Nanotechnology and Time Travel

Every so often a nanotechnology discussion pops up on the SFN forums (one of several recurring themes), and invariably there is a comment or two in the direction of pop-sci topics like nanobots, and the implication that nanofabrication is a future technology. While the length scales have gotten smaller and manipulation techniques have certainly gotten better over time, nanofabrication has been around for a while.

The photos shown below the fold are from some grad school work I did at the Cornell NanoScale Science & Technology Facility in the early 90’s (back then there was no network of such labs, it was the National Nanofabrication Facility. Notice that they’ve been in existence for more than 30 years.) I was fabricating some transmission gratings for an atom-optics experiment to show atomic interference. The structures (grating wire and gap) were each about 125 nanometers across. The basic fabrication process was this:

A silicon wafer has silicon nitride deposited on it. You’d deposit a photoresist layer made of polymethylmethacrylate (PMMA) and expose it using UV light with a mask in place, marking the areas that you wanted to etch, and then develop the resist to remove those areas. A reactive ion etch removed the nitride layer, and then you dumped it in a hot bath of KOH to etch the silicon wafer.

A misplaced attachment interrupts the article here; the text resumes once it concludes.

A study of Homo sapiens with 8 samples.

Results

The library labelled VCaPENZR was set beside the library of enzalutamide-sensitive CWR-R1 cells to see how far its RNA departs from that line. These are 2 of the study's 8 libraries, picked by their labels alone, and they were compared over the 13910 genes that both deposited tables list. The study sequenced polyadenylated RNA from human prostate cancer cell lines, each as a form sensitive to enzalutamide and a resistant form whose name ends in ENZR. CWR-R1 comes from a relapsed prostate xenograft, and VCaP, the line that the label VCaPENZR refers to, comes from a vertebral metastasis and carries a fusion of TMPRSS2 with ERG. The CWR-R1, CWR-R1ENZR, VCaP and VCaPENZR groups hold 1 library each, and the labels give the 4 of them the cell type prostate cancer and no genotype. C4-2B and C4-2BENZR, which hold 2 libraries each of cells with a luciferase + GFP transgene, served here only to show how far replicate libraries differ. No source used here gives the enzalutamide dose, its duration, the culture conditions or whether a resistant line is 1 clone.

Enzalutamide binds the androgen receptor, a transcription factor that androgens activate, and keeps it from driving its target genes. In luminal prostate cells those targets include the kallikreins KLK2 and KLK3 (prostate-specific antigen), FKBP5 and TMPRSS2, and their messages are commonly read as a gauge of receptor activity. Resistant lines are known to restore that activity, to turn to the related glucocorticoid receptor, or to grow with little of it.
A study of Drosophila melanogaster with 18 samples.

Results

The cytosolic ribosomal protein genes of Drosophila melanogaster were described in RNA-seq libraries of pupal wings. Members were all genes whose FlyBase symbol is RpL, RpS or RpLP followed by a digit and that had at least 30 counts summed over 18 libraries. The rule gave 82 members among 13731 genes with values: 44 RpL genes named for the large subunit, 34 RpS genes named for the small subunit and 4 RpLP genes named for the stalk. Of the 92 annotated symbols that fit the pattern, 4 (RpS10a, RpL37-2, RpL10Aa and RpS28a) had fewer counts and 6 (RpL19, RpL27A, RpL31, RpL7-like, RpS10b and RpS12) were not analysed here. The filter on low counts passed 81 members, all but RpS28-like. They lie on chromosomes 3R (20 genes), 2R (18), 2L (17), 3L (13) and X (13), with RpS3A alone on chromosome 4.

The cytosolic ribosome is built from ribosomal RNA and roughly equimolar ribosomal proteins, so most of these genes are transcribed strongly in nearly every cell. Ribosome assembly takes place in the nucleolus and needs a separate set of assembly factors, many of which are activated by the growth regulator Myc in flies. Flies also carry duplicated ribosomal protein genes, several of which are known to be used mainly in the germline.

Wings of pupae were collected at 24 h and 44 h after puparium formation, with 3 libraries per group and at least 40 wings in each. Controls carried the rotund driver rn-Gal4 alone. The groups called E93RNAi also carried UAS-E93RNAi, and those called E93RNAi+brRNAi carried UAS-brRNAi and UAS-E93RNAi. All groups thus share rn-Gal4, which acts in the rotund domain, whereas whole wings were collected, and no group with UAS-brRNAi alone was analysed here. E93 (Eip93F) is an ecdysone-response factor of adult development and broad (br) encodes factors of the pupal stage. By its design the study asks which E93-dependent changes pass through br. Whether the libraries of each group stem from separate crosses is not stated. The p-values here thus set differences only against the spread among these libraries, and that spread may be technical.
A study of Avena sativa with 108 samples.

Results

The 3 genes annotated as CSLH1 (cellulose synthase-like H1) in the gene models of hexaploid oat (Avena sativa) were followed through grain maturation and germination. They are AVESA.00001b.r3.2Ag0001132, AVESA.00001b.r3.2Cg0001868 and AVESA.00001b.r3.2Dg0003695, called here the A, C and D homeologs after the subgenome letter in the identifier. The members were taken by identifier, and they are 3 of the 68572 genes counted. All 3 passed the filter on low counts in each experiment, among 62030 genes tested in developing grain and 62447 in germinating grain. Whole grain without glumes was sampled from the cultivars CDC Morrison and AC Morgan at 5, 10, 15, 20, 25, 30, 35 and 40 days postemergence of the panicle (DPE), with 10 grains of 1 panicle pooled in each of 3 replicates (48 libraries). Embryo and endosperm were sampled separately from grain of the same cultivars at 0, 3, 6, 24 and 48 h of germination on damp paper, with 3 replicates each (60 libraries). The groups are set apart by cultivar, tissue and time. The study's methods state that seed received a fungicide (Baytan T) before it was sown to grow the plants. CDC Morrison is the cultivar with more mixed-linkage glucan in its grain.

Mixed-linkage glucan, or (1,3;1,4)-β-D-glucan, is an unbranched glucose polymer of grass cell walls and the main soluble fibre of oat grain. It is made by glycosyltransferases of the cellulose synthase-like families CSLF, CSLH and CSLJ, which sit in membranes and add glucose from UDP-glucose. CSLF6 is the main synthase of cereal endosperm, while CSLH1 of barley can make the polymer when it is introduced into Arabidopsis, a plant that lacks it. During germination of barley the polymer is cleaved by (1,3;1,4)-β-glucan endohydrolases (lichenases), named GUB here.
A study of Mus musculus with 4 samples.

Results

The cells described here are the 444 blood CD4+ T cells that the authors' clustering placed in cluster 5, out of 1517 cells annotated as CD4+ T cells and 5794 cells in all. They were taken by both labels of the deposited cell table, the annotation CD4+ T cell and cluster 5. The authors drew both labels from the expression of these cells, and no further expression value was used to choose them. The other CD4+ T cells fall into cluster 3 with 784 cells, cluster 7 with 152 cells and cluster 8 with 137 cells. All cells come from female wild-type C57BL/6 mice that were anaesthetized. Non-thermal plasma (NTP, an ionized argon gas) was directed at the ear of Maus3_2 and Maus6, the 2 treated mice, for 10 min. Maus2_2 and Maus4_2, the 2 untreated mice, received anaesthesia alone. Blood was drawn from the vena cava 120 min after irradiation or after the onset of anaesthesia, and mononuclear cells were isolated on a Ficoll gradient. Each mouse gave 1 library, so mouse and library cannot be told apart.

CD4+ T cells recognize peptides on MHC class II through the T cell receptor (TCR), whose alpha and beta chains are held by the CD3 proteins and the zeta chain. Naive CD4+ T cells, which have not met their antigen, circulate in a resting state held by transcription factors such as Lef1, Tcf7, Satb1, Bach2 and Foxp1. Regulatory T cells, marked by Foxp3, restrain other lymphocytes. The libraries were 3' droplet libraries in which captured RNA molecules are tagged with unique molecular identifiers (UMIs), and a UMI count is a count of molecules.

Silicon in KOH doesn’t etch straight in — it goes much faster along the crystal axes, so the etch looked like an inverted pyramid. It also meant you could put in “break lines” in the mask that weren’t wide enough to allow the etch to go all the way through, but would be weaker and let you break the wafer up into smaller pieces after you were done. This shows the directional etch.


When that’s done you’re left with your silicon nitride layer on the front of the wafer, and the back part has a lot of little windows that are exposed, so there’s only the nitride in these regions. Now you can make the gratings themselves.

Again you deposit some PMMA, and you put a layer of gold over that, and put the wafers in a n electron-beam machine that will write the grating pattern and expose the PMMA. The gold gives a conductive path for the electrons so they don’t collect and distort the beam. Then you remove the exposed areas with another reactive ion etch. RIE is directional; you accelerate the ions in an electric field, so they tend to etch along that direction. The reactive ions react (duh) with the exposed surface and then float off as neutral compounds, exposing the next layer of atoms.

The narrow strips are the gratings, ~125 nm wide, with the wider bands left as support.


Another neat thing: a vernier written on the edges of the device to measure how well the fabrication went. The area that the electron-beam writer could cover was small, so you had to do the whole pattern in small steps. By writing a vernier on adjacent sections at the edge of each grating, you could see how well the whole pattern was “stitched” together. The vernier scale is 10 nm per division.